Years after I left home, my mother told me that she regretted raising my two brothers and me in such an insular environment. She didn't know that even as a teenager, I did everything I could to shake off the ghetto's gold dust.

This usually meant catching a bus to downtown Atlanta, supposedly to go to the library. But I mainly spent those Saturdays in the forbidden world of the "other." In downtown Atlanta, I looked at dirty magazines, ate pig-ear sandwiches in soul-food cafes and hung out at an herb shop owned by a Caribbean "root doctor" who taught me about the gods of Santeria and occasionally shared a sample of her cooking.

I don't actually think my taste for the "exotic" was an expression of rebellion, any more than the love of travel means you hate your hometown. Rebellion usually tempers itself, and my love of the "other" has only grown. Food and Atlanta's burgeoning ethnic communities have been a large part of that.

When I was 19, I fell in love with a Cuban refugee. This was in the '70s, when a huge wave of fugitives from Castro's regime arrived in Atlanta. Many of them lived in Midtown, supplanting the hippies who had earlier colonized the now-expensive neighborhood. During that year and the five years of marriage following, no matter how alien I found my wife's family – many of them didn't speak English – dining with them was always amazing.

The flavors themselves were new and delicious. But what astonished me, coming from a comparatively well-to-do background, was how much they made from so little. Most of them were recent arrivals and had very little money. Much like black people and soul food, the Cubans turned humble ingredients into artful meals. They made a ritual out of preparing every family meal and talked about food constantly.

There were very few other immigrant communities in the city then. In fact, my wife and I lived near Buford Highway, and I don't recollect anything like the profusion of ethnic dining that distinguishes the area now.

In the mid-'80s, I moved to Houston for a few years. It was there that I got a deeper lesson in the problem of assimilation and food culture. In Houston, I fell in love with Mexican food, which was a shock, since there wasn't anything but highly Americanized Tex-Mex food in Atlanta. Indeed, when I returned, I wrote frequent columns about the lack of good Mexican food in our city.

Then the explosion occurred on Buford Highway. A restaurant for practically every Latin American country opened there – plus all of the Asian countries, especially Vietnam. (Indians largely settled in the Decatur area.) Staffs of these restaurants frequently spoke no English, so ordering in them required playing charades.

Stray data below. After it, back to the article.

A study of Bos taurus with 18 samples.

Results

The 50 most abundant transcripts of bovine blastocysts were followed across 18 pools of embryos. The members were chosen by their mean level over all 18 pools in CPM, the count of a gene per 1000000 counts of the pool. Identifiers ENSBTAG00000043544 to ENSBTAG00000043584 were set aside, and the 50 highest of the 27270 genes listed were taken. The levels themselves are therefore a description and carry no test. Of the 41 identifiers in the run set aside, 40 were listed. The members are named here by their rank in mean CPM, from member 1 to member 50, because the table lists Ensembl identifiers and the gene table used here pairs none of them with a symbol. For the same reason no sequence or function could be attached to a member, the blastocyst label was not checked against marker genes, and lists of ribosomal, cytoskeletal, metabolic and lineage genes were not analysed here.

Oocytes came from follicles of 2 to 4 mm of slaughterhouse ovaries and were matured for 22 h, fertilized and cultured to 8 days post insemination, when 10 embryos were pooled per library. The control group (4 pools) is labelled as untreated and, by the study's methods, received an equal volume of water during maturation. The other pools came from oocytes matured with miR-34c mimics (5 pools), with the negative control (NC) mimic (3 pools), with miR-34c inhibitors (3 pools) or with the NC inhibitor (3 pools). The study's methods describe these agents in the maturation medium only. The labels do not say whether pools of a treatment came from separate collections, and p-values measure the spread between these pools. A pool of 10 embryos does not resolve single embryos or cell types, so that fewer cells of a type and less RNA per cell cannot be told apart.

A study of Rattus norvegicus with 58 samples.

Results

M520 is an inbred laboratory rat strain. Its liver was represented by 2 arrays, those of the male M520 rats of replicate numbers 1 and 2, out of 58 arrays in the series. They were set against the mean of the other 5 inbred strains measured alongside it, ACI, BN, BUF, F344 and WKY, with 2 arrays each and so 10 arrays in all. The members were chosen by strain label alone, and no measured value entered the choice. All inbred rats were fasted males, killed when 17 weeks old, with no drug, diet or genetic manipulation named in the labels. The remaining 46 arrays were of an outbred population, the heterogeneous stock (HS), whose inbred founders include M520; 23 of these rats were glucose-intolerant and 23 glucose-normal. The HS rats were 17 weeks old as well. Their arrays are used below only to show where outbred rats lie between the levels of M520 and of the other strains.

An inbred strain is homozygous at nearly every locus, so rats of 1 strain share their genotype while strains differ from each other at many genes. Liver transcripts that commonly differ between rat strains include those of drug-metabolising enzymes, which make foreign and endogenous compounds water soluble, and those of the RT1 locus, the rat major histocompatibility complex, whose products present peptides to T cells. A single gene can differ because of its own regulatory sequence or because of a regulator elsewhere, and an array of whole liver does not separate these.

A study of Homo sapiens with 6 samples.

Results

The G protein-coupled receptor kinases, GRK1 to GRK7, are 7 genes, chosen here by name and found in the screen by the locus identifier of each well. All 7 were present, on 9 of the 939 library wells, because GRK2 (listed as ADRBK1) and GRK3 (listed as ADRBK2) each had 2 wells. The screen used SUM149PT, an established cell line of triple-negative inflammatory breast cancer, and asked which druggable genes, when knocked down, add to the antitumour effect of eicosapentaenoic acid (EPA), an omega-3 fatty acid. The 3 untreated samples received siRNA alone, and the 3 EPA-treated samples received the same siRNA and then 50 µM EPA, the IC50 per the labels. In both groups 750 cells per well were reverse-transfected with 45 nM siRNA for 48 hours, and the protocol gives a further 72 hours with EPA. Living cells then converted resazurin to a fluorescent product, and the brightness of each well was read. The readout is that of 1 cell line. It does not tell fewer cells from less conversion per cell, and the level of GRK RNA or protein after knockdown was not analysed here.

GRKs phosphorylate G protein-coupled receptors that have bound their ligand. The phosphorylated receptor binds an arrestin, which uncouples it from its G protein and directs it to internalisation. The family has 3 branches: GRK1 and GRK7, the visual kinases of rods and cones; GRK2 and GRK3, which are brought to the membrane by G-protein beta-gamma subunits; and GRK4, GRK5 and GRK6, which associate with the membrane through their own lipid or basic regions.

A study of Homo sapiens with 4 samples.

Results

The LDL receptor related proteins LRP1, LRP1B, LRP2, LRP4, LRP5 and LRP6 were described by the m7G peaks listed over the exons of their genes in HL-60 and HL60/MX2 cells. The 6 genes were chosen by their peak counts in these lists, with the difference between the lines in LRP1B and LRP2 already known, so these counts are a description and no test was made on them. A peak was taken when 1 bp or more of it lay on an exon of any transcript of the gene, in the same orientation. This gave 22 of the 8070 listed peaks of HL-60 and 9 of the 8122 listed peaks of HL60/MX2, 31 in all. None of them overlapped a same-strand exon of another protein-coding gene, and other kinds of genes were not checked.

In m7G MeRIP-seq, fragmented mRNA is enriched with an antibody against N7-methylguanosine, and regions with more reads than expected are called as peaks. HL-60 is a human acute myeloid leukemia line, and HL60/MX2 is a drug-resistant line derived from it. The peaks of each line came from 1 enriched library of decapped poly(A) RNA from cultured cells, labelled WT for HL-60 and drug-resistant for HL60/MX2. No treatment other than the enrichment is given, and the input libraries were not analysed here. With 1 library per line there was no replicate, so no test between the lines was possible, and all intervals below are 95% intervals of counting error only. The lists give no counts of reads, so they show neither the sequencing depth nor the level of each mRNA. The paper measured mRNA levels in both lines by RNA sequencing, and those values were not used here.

I particularly fell in love with Bien Thuy, Suzanne Bojtchewky's Vietnamese restaurant. (Its name means "Demilitarized Zone.") Suzanne, who wrote two cookbooks, returned to Vietnam a few years ago, and her former restaurant is now a coffee shop. It was my favorite place to take friends who never imagined themselves eating "strange food." They always loved it and became regulars themselves, eventually exploring other restaurants.

That is another thing about ethnic dining. While I wrote above that I think an adventurous spirit was given with my existence, it's also true that people can be educated to expand their taste. In fact, a study a few years back demonstrated that the more people experiment with their palate, the more generally curious and tolerant they become. (The French now teach "taste" in their public schools.)

Most ethnic minorities in the United States, even if they are here as refugees, are oppressed. With the debate over immigrants at full boil these days, prejudice in the American melting pot is greater than ever. I don't think it's far-fetched to say that if xenophobic Americans actually decided to cross the borders of their own taste and visit ethnic restaurants, they would realize how much we have to learn about our own country from newcomers to it.

But the main advantage is the one I found years ago as a teenager: Ethnic dining takes us out of ordinary life. We become the immigrant's guest rather than her host. I take it to be true that whenever we journey beyond the familiar with intention, our senses seek the beautiful rather than the fearful.